March 1, 2011 § 4 Comments
It was the British Council ELTons last week, and I met some wonderfully engaging, knowledgeable, transformative people, including Shelly. Meeting as we did led to Goal #17 “Help them shine”, and reciprocating this is a post inspired by Goal #18 “Share a story”, which includes the quote above about soil.
The story I’ll share is how language plants got their name.
There passed many miles of walking and thinking and staring at bare branches in the winter and their adornments in the summer before I was satisfied enough to name them “language plants”. I wanted the metaphor to hold water, so to speak, as streams and rivers share a similar dendritic pattern. But it’s the organic, lifelike properties that I wanted the name to capture. Languages, after all, are born, grow, evolve and die, a centuries-long life cycle that the snowdrops and daffodils in the garden on this first day of spring accomplish in a couple of months.
Language, too, is a discrete combinatorial system, like the DNA of plants and animals which, in contrast with the blending systems of colours and clouds, retains its (discrete) individual elements – phonemes and words – when they join (combinatorial) into ever-more complex wholes (system).
With language plants, the branches are obvious; they’re the words.
Language, a piece of written text, including a language plant, only comes alive when it is read, and interpreted, by a person. Hence the term “dead language” to describe Latin and Sanskrit, ones with no native speakers. I imagine language growing in a mind like a plant. These words you’re reading now are growing in your mind, an individual interpretation of the meaning they hold, and will continue to exist while they are in your active memory.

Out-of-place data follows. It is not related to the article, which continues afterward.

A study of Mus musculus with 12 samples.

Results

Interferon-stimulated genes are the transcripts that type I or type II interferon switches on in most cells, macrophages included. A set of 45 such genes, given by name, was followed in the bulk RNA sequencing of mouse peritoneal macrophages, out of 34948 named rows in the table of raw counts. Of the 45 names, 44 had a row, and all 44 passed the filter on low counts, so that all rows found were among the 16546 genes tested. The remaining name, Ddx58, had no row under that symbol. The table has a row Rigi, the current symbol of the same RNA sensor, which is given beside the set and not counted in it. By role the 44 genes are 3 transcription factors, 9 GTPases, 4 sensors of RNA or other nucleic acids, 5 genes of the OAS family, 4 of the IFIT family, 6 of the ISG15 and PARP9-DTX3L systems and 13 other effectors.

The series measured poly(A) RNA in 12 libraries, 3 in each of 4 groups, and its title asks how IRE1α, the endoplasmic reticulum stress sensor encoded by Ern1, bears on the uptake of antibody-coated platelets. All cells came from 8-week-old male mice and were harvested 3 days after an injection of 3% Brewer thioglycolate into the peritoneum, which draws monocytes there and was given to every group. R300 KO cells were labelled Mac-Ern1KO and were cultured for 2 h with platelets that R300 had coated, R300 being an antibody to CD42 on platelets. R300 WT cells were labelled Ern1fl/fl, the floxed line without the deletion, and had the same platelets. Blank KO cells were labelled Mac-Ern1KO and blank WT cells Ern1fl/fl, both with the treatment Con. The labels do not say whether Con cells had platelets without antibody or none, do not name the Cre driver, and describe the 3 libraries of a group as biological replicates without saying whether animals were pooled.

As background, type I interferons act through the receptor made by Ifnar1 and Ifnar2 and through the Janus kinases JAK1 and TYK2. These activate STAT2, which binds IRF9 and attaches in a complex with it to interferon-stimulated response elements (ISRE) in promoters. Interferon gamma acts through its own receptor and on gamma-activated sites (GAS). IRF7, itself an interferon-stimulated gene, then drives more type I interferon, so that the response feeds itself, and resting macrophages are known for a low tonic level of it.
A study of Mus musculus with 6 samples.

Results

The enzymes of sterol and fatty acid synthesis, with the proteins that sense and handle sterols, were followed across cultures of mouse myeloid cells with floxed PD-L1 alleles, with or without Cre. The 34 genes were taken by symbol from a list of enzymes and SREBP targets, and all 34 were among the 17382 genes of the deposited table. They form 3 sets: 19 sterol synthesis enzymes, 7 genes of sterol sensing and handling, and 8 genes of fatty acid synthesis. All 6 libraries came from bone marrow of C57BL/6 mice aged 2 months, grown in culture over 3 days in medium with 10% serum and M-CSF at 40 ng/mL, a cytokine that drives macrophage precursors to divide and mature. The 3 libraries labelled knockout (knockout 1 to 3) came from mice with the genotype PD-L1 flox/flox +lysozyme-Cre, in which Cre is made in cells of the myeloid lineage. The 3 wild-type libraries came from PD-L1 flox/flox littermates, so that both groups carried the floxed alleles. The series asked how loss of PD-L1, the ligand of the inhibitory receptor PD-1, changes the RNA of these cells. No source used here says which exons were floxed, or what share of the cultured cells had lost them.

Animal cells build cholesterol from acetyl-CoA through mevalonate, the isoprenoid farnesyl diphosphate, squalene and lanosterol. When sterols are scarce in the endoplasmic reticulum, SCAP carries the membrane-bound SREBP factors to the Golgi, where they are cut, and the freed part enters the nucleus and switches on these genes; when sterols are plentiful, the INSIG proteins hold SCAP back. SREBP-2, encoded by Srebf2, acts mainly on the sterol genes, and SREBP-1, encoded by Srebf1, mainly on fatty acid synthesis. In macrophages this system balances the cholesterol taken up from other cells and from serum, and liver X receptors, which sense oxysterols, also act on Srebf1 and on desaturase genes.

This plant is rooted in soil, your knowledge and understanding of the words and the world.
When it’s dinner time and our thoughts turn to our tummies, the plant dies. But all is not lost. Soil, after all, is the accumulation of years of decayed plants, humus and nutrients which are eagerly absorbed by the latest youngster to sprout up on the patch. That’s how an expert on a subject can understand a complex text which a beginner just cannot get to grips with. The beginner’s soil, her knowledge of the topic, just isn’t deep enough for the language plant to successfully grow.
It’s why the metaphor “written in stone” is so utterly wrong if ever used as an analogy for knowledge. Soil gets eroded, information gets lost. It’s why revising and recycling language in various guises and activities, and why coursebooks or worksheets that give space for learners to interact with the prescribed language and add their own, like Jason’s, and why looking at old notes or diaries or lesson plans like Cecilia has done is all invaluable. Fruitful, one might say.